Wednesday, July 13, 2005

Self-Directed Learning of Calculus - Part 2

There are many ways and styles for creating notes while Learning a topic.

I would like to share some approaches that I use while using technology to support my Learning of calculus. Many of these approaches use a table structure, but it is primarily because the tables are created using computer software that they achieve their value. It is the flexibility that arises because the table may be edited (i.e. updated)that gives it the power to be useful over that of a paper-based table.

The first table that I create maps out the overall set of chapters in the five books that I am using to study calculus. In this particular situation I have created a table specifically for the "prerequisites" to the actual topic of calculus.

The table has a few notable features.

1)It is another aid to time management, which takes on more importance when one is engaged in Self-Directed Learning.

2) It provides an overview of what is planned for the coming open-ended time period. In this case it identifies all of the chapters in the five books I am using that describe the pre-cursors to the actual studying of calculus. Since I have been away from any formal use or study of mathematics for about 40 years, this seems like a useful way to start. One concern with this approach is that I may bog down in minutia and never get to the primary goal of learning calculus. One should try to establish a balance between meaningful learning and efficient learning. The goal is not to document how faithful I have been to a strategy, but to keep the strategy itself flexible to modification as one proceeds.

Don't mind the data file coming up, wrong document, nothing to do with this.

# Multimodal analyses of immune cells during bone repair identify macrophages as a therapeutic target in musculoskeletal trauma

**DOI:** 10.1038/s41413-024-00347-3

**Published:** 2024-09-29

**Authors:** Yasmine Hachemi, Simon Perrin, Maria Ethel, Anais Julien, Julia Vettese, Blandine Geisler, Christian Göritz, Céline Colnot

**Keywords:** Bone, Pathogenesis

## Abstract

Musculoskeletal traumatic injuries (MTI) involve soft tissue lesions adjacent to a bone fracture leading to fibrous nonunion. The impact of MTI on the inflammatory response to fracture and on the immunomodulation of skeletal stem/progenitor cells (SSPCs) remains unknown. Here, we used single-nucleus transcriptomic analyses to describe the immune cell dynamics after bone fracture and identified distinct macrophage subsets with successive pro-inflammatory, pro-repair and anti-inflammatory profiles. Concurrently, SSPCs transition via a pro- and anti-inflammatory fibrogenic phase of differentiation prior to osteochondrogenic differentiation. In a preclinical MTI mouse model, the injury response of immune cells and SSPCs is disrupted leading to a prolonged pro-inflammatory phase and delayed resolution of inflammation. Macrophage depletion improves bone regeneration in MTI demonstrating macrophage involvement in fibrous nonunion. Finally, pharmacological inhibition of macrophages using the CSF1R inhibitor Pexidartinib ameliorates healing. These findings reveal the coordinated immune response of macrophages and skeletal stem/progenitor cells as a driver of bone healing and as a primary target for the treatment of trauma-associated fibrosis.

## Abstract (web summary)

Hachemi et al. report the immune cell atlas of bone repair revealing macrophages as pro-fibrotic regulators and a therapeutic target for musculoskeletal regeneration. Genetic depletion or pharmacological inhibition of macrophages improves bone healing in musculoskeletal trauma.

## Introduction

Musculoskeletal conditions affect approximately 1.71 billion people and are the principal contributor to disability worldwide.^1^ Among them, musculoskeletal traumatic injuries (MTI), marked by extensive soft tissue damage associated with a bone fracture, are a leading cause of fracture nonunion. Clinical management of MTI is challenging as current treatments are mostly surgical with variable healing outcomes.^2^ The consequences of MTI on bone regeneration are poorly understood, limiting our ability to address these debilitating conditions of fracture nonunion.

3)I do not make definitive Learning plans for more than a week in advance. That is, my plans are not rigid and are open to the numerous other events that make my life worthwhile.

4)More playfully, I insert color into the table to help highlight the successful completion of an activity.

5) In my opinion most importantly, the actual construction of the table forces me to think and to identify the main topics for study in the near future. Often this is done for one when one is taking a course, but when one is planning their own Learning it helps to draw a roadmap. This might be viewed as a form of "advance organizer" for what is to come.

6) The actual time taken to create such a table is relatively short, less than an hour.

7) Once one has created one such table this may be used as a form of template to create other tables. One need only copy the table, clear out most of the rows and type in the new content.

8) The table can also be viewed as a window into progress, or lack of progress. In my case it is more of the latter at the moment. It has been exactly a week since I last looked at a calculus book. No problem - it is summer after all, but still, it is a jog to not let this slip too far.

9) And given that I should get back on task, it helps bring me back to where I last was and what should be done next.

All in all, that is pretty good service for one small table.